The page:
Protostellar accretion disks resolved with the JCMT-CSO interferometer
Authors:
Lay, O. P.; Carlstrom, J. E.; Hills, R. E.; Phillips, T. G.
Affiliation:
AA(Mullard Radio Astronomy Observatory, Cambridge, UK), AB(Mullard Radio Astronomy Observatory, Cambridge, UK), AC(Mullard Radio Astronomy Observatory, Cambridge, UK), AD(Mullard Radio Astronomy Observatory, Cambridge, UK)
Publication:
Astrophysical Journal, Part 2 - Letters (ISSN 0004-637X), vol. 434, no. 2, p. L75-L78 (ApJL Homepage)
Publication Date:
10/1994
Category:
Astrophysics
Origin:
STI
NASA/STI Keywords:
Accretion Disks, Astronomical Interferometry, Protostars, Star Formation, Submillimeter Waves, Brightness Distribution, Brightness Temperature, Brown Dwarf Stars, Infrared Astronomy, Stellar Models
DOI:
10.1086/187578
Bibliographic Code:
1994ApJ...434L..75L

Abstract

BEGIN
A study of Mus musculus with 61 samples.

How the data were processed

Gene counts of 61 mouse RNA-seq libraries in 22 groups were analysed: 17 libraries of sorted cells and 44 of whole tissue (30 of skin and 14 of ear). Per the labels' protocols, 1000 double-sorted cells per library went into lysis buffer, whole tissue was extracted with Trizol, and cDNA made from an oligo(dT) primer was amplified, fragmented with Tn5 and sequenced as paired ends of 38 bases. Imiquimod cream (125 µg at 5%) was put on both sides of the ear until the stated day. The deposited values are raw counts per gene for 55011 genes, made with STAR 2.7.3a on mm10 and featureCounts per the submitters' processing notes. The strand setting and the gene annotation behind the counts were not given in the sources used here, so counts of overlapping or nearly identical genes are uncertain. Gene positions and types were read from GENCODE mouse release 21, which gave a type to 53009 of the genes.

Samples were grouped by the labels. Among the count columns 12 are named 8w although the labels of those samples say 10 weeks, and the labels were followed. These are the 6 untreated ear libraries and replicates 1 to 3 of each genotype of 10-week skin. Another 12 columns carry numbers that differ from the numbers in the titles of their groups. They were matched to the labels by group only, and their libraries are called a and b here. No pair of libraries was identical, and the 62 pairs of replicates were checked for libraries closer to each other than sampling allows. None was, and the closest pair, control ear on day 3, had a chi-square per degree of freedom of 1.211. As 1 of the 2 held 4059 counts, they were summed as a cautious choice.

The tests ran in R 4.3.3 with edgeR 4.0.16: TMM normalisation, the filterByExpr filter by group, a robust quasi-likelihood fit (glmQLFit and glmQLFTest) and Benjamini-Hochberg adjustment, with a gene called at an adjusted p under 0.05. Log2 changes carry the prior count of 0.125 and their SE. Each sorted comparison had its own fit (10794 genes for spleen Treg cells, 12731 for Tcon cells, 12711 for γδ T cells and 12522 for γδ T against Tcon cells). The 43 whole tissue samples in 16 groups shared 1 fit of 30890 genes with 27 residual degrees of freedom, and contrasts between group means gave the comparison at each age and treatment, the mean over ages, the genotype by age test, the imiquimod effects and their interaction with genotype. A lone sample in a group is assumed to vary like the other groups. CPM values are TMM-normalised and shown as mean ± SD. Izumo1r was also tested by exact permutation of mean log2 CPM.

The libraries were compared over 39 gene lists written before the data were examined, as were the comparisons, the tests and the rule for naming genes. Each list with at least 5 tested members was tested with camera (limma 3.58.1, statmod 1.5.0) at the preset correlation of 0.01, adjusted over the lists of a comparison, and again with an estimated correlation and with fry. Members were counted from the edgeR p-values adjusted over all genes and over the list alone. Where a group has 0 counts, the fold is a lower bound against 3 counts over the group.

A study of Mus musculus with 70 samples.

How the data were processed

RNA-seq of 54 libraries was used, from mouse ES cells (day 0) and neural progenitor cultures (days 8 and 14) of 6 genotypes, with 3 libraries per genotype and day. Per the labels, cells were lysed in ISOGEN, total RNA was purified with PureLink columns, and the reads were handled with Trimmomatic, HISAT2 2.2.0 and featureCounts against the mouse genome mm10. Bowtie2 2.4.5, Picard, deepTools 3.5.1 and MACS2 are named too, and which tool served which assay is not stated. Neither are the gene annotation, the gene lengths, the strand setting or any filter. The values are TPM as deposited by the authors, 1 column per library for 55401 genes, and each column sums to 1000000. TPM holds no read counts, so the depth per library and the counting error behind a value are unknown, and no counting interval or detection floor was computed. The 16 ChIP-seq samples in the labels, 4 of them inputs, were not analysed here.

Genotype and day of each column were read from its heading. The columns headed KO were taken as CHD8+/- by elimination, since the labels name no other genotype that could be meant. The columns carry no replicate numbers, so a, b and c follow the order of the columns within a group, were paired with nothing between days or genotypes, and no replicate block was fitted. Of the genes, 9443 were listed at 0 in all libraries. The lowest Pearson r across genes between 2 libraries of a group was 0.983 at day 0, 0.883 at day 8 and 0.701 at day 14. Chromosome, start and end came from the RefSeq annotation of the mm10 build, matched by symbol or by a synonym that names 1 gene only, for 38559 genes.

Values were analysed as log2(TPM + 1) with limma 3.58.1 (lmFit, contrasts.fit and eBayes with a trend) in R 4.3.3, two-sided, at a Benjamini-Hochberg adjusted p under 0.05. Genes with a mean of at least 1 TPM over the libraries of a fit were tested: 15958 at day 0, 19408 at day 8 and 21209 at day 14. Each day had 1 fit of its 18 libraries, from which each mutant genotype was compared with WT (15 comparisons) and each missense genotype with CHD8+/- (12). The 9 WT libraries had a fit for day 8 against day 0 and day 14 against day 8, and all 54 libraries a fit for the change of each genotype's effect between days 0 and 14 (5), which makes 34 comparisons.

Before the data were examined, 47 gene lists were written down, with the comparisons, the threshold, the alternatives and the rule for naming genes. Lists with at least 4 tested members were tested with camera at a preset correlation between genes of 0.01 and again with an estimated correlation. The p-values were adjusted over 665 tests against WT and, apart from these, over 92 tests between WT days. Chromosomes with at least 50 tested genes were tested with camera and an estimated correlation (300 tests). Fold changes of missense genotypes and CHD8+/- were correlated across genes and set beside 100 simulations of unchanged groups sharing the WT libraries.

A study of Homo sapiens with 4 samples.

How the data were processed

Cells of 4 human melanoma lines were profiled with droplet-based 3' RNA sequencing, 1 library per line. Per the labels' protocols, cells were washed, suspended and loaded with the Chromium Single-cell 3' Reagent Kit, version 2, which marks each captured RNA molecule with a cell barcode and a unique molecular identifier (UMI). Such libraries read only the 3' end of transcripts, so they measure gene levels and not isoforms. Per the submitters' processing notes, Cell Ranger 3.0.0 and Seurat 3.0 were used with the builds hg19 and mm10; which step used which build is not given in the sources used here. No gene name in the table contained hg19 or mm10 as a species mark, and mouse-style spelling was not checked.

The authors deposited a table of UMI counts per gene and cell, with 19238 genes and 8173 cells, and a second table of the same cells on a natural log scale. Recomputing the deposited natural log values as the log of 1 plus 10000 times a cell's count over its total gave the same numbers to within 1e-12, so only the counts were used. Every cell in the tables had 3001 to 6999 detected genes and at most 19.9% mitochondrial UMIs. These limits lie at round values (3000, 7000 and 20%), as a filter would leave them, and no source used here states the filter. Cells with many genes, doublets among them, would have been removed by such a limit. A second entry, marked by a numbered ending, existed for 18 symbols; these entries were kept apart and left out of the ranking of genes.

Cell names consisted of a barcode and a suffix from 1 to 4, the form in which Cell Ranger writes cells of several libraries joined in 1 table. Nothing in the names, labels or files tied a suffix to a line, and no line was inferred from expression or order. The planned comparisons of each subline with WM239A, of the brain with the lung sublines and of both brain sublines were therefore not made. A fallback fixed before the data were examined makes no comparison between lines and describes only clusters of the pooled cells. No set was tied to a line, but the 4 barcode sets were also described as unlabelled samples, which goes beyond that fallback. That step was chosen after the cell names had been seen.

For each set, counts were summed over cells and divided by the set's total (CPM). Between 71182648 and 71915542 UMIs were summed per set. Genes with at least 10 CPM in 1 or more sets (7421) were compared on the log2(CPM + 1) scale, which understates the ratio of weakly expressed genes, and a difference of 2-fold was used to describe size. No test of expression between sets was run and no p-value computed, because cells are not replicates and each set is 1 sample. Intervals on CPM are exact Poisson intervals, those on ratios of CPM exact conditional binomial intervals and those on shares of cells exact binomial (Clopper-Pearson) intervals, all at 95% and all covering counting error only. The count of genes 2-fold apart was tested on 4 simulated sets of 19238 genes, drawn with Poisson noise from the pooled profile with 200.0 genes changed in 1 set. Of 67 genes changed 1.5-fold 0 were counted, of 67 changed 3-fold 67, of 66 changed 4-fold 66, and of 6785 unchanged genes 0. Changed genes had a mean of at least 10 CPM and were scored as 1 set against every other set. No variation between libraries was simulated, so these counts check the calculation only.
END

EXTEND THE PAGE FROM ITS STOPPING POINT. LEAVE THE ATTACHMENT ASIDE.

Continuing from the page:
The James Clark Maxwell Telescope-Caltech Submillimeter Observatory (JCMT-CSO) submillimeter interferometer was used to measure the size and orientation of the compact dust continuum emission at 870 micrometers from the protostellar sources HL Tau and L1551 IRS 5. Assuming an elliptical Gaussian for the brightness distribution and distances of 140 pc, the data are well fitted by semi-major radii to half-maximum brightness and position angles of 60 AU at 126 deg for HL Tau and 80 AU at 162 deg for L1551. An upper limit of 50 AU (0.4 sec) is set for the radii along the minor axes, leading to minimum brightness temperatures of 36 K and 28 K, respectively. The elongation in the continuum emission is perpendicular to the outflow axes, as expected for accretion disks. The high brightness indicates substantial column density and mass, further strengthening the accretion disk interpretation. Our observations do not strongly constrain the disk mass; applying an accretion disk model to our data gives a lower limit of approximately 0.02 solar mass for both sources.